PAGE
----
From Aircraft Interiors Expo (AIX) 2016
It has been a busy few months since we all returned home from the 2016 Aircraft Interiors Expo. With over 530 exhibitors and 16,000 attendees, there was certainly a lot for our team to explore, absorb and consider in creating this report.
Here are just some of the new ideas and trends that we think could be a part of "What's Next" in this dynamic industry.
Intel's RealSense technology leveraged in a prototype kiosk measures luggage for carry-on compliance.
Gentherm is aiming to warm and cool more than bottoms - the company also offers a drink heating/cooling device.
Gentherm, the company that heats and air conditions seats for auto luxury brands, is bringing this experience to the skies with their thin coil technology. Watch for this new functionality in passenger control handsets.
The Skylights “theater” gives passengers an immersive cinema experience with a high-res, wide screen view of 3-4 movies. The company says it will be available on 12 airlines soon.
Trends, tracking and maintenance - connectivity is no longer just providing value for the passenger; the business applications that have long been talked about are becoming a reality.
Airspace by Airbus is an entirely new cabin design that puts a distinct emphasis on aesthetics and passenger experience first.
Boeing's 787 Dreamliner's forward-thinking interior has inspired other innovative interiors across the industry.
B/E Aerospace's "Viu" lighting system uses flexible LED lights to bring light to hard-to-access corners of the cabin.
Turkish airlines is turning its attention to improving its seat offerings. With features including a "U-Neck Headrest" concept, improved lumbar support, and pedals on the seat track (pictured below), the airline wants to ensure a comfortable trip for all its passengers.
Sela integrated adjustable lighting features in their seating solution, allowing passengers to customize their onboard environment.
Aerospace Technologies Group addressed passengers' desire for personal space with their concept seat 'pod'.
The Piuma Sofa is bringing back 'cuddle class' with an economy seat with headrests that clip off the seat backs and onto the front of the seat cushions to form a bed. The concept wouldn't interfere with legroom or storage under the seat, and its weight difference is minimal at less than 2 kg.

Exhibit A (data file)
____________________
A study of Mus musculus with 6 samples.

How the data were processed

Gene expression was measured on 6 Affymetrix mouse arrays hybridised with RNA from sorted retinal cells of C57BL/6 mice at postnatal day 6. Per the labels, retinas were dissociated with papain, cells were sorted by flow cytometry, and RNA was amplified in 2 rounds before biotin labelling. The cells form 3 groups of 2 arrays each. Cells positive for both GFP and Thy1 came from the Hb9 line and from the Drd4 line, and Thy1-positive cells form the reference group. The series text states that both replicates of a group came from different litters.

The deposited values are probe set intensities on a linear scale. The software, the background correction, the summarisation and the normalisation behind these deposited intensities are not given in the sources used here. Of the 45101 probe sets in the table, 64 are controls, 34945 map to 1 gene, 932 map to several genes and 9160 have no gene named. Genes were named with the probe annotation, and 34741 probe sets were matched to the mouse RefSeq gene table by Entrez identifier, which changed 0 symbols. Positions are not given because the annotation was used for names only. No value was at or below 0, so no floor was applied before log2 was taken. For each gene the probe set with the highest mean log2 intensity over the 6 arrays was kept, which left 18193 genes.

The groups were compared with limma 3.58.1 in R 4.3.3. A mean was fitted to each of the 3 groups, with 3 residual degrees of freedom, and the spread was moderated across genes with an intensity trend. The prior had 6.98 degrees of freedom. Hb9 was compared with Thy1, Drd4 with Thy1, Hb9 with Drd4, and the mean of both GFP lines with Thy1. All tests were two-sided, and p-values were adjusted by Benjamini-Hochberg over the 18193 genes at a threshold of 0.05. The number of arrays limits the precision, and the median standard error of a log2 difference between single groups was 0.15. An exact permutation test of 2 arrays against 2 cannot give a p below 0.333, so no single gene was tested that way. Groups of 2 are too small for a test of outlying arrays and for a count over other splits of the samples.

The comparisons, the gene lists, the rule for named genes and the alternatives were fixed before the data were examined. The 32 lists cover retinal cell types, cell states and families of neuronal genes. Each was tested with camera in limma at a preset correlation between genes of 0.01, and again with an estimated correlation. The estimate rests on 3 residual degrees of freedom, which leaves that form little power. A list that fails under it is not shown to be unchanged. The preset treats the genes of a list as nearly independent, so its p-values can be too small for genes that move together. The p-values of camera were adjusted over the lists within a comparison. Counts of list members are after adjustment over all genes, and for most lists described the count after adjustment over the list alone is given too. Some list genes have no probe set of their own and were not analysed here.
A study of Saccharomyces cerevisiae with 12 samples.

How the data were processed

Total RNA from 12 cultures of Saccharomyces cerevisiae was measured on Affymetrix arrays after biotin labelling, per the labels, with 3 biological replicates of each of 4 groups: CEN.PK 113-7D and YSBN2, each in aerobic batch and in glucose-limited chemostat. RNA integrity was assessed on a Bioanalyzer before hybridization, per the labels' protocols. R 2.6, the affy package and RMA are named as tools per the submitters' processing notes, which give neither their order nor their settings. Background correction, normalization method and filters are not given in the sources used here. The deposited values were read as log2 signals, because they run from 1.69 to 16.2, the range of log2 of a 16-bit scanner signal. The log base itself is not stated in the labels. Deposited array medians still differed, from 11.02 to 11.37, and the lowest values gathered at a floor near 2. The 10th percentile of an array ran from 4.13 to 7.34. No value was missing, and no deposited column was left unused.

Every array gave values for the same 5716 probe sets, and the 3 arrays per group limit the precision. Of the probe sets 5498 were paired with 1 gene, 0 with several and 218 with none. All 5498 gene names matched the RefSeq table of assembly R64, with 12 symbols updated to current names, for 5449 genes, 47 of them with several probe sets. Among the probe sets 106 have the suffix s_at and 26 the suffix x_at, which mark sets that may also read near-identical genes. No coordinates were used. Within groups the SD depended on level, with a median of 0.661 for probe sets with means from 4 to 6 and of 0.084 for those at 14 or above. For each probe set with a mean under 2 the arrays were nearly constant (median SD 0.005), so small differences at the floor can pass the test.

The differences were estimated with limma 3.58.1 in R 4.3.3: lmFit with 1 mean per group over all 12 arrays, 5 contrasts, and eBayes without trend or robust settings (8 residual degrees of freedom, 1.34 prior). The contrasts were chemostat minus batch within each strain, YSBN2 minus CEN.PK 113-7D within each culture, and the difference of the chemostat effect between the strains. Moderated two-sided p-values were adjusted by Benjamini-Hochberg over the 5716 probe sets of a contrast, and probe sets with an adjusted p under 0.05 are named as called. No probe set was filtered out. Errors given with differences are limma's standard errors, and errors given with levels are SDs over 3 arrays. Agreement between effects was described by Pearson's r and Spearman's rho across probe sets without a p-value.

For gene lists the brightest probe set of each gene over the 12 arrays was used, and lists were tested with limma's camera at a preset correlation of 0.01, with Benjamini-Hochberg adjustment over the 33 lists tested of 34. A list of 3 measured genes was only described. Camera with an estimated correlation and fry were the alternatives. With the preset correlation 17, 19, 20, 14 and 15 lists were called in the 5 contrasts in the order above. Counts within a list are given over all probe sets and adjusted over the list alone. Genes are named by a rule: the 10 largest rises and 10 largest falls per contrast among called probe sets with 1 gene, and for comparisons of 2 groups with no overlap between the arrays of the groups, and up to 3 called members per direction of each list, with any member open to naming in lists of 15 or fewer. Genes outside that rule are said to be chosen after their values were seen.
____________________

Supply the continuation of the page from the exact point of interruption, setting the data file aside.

Carlisle's modular configurable design approach to their adapter plate with radome is an "agnostic" solution that adjusts to fit 8 different antennas, offering maximum flexibility. Adjustable for different aircraft frames, the configurable design approach includes 4 separate sections of standard aluminum billet sections. The design also features a large format fuselage mount antenna designed for maximum sweep volume.
Rebel Aero has designed a seat that will "rewrite the standards for space, comfort and safety." The seat base folds up to accommodate a standing position during flight or can be folded into a booster position for children. The seat has a 3-point harness as well.
Diehl's Smart Galley is a modular concept that allows operators to switch the galley configuration within hours.
Vision Systems' Acti-vision window features transparent OLED displays with touch panels that are overlaid onto an airplane window. These new technologies also bring the possibility of an onslaught of in-air advertising.
Reboon, a German consumer products company, made their AIX debut with a brilliantly simple solution for passengers flying on aircraft without IFEC offerings.
Dandelion by Diehl Aerosystems creates a custom cabin experience by projecting static or dynamic images onto the cabin ceiling, utilizing a unique area of the cabin on-demand. Missed the captain during taxi after landing? No problem. Imagine the flight number, current location, time, weather and baggage terminal information conveniently displayed on the ceiling as you exit the aircraft.
Inflight VR is enabling passengers to feel like they’re just about anywhere while on the way to their destination.
SEKISUI's new Infused Imaging technology allows patterns-in-product thermoplastics, allowing an enhanced, cohesive brand experience.
This seat frame has been upcycled into a refreshed product. We loved this idea when we first heard about Southwest Airlines' LUVSeat initiative and still love this approach now.
Mucell is a relatively new injection process that injects nitrogen gas directly into foam. This improves part stability while reducing weight, ultimately saving airlines time and money.
Airbus, partnering with Autodesk, showcased its Bionic Partition, a full-height galley partition manufactured by 3D printing the necessary metal components. This structure would reduce weight by 45% while maintaining performance.
Industrial design engineering students at TU Delft collaborated with KLM and Zodiac Aerospace to design a new seat concept that measures physical and mental well-being. The crew would be able to monitor passengers by reading charts form a software system that uses heart rate sensors integrated into the seats.
Air New Zealand's Business Premier cabins include 3D printed in-seat cocktail tables, allowing quick manufacturing of small quantities and replacement parts.
In yet another parallel to the automotive industry, Mirus, who boasts inspiration from Formula One, announced AirAsia as its launch customer during this year's AIX - their first time exhibiting.